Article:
Many, but not all, special needs toddlers also have speech delays. To determine if your toddler has a speech delay, address your concerns with your pediatrician and have the child assessed by a speech therapist. If a speech delay does exist, take your toddler to speech therapy sessions and engage him in speech activities at home on a daily basis. Some special needs children may have delays in articulation (the actual pronunciation of words) or in language (the use of words to communicate). Some toddlers may have delays in both areas.
1. Modeling and Repeating
Always model good speech for your toddler. Don't use baby-talk or purposely use incorrect grammar in an attempt to entertain your toddler. Enunciate your words clearly and maintain eye contact as much as possible when speaking to your toddler. Talk to your toddler all day, even as you do mundane tasks such as folding laundry. Explain to him what you are doing and ask him questions as well. When your toddler talks to you, repeat what he says. If he is using only two or three words at a time, expand what he says into a full sentence. When a child points to what he wants, tell him what to say instead and encourage him to use words to get what he wants. Responding quickly to pointing will teach the child that it's unnecessary for him to talk to get his needs met.
Singing children's songs and reciting nursery rhymes encourages your toddler to practice articulation. Many songs and rhymes use alliteration and rhyming, which allows your child to practice consonant and rhyming sounds. Sing and recite the same songs over and over to build confidence. A good time to sing children's songs is in the car. Play a CD with children's songs and make it a part of your travel routine.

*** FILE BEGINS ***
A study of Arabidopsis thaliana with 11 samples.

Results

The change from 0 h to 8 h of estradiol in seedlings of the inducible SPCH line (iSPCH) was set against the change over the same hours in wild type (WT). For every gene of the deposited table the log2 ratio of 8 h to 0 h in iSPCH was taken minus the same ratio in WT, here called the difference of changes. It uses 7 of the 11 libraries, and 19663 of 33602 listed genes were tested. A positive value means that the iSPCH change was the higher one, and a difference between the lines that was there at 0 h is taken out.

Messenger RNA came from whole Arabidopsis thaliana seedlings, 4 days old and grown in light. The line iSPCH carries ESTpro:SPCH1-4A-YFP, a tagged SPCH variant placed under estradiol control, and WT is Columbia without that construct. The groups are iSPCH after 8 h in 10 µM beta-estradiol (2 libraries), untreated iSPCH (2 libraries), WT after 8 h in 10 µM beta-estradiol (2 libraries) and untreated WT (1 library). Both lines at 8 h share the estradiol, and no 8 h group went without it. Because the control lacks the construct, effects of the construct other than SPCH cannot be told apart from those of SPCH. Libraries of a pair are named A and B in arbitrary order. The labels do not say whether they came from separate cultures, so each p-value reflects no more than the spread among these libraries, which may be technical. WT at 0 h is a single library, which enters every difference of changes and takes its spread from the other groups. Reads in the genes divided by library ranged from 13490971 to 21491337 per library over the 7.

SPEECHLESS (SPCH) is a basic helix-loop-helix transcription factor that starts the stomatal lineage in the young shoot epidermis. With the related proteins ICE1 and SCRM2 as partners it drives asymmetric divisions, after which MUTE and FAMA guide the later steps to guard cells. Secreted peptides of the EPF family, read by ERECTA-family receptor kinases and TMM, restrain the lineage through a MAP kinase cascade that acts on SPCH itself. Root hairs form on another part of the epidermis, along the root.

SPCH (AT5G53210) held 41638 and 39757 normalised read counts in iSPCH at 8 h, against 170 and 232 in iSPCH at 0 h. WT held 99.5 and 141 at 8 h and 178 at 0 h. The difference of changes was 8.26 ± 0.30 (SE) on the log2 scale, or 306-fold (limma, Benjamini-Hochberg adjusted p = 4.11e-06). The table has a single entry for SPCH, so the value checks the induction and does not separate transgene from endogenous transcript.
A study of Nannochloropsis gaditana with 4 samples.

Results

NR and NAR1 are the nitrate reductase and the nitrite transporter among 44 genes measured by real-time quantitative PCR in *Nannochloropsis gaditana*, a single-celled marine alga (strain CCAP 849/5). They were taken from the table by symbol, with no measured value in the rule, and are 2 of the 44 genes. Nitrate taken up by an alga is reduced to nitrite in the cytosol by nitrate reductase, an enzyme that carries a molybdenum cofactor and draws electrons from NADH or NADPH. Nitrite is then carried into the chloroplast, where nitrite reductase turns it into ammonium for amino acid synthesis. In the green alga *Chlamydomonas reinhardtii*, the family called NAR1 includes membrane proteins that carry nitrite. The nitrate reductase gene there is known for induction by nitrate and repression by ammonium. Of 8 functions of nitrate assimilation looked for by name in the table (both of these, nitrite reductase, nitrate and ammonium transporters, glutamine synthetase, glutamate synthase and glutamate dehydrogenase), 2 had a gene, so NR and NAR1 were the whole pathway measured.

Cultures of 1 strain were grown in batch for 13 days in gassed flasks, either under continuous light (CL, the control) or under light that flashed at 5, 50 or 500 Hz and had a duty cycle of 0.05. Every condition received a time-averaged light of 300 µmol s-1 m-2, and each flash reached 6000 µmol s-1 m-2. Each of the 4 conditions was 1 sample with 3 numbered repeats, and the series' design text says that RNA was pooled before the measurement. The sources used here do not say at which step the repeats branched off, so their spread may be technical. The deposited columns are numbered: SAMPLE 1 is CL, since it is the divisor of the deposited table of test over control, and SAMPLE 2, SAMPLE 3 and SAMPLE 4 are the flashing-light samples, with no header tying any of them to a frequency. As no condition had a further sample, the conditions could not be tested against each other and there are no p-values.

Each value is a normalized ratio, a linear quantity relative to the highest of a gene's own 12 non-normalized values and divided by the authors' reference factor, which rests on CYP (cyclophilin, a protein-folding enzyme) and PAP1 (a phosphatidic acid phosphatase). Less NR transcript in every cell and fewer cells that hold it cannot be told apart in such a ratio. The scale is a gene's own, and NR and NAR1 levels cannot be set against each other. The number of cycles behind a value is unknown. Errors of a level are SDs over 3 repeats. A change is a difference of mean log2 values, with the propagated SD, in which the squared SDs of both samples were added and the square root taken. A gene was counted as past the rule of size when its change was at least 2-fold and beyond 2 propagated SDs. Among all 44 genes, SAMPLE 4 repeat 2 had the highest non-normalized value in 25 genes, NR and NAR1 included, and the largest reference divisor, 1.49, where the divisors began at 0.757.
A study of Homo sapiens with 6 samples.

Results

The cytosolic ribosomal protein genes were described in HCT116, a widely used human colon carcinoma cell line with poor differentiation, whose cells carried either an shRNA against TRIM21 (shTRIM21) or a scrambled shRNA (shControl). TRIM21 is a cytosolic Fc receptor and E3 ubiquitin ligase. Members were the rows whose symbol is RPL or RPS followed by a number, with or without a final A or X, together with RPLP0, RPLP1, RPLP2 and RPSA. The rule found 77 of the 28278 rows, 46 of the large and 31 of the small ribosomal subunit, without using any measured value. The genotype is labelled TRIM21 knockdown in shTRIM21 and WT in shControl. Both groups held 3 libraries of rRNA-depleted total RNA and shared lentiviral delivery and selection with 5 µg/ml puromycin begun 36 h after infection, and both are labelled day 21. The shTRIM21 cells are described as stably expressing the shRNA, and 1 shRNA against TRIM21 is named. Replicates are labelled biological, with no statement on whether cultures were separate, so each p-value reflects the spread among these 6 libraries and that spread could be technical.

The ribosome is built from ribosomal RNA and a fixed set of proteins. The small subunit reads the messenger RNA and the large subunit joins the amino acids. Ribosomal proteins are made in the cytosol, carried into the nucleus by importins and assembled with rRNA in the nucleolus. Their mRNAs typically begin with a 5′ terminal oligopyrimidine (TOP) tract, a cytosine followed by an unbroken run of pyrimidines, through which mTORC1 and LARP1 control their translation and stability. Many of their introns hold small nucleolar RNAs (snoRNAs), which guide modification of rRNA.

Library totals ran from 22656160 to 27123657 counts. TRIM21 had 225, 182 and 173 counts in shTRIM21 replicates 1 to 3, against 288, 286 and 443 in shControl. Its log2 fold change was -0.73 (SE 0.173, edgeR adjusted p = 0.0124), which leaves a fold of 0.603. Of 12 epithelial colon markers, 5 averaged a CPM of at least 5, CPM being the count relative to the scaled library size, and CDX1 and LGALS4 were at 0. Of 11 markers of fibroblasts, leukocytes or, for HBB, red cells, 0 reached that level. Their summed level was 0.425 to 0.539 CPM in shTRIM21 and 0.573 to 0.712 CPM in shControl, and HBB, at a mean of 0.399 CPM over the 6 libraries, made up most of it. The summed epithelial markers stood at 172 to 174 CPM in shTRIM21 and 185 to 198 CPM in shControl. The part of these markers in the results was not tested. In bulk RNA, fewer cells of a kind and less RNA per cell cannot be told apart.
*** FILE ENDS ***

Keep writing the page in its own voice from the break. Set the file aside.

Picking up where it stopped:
Reading books to toddlers will help with speech and language development. Hearing correct speech will help toddlers to learn letter and vowel sounds. Encourage the child to repeat words or phrases as you say them. Also, read books with pictures of real-world objects so that you can point to pictures and have the child tell you the names of the objects.
4. Mirror and Phone Play
Get your child a small tabletop or hand-held mirror to look at when he is speaking. Your toddler will like watching himself and it will encourage him to talk more. Also, he will be able to see how his mouth looks when he says certain sounds and he will begin to differentiate the ways it forms different sounds. Another helpful tool is a whisper phone, which is a toy phone that toddlers can speak into and then hear what they are saying through the top part of the phone. This will help your toddler become more aware of what they sound like when they talk.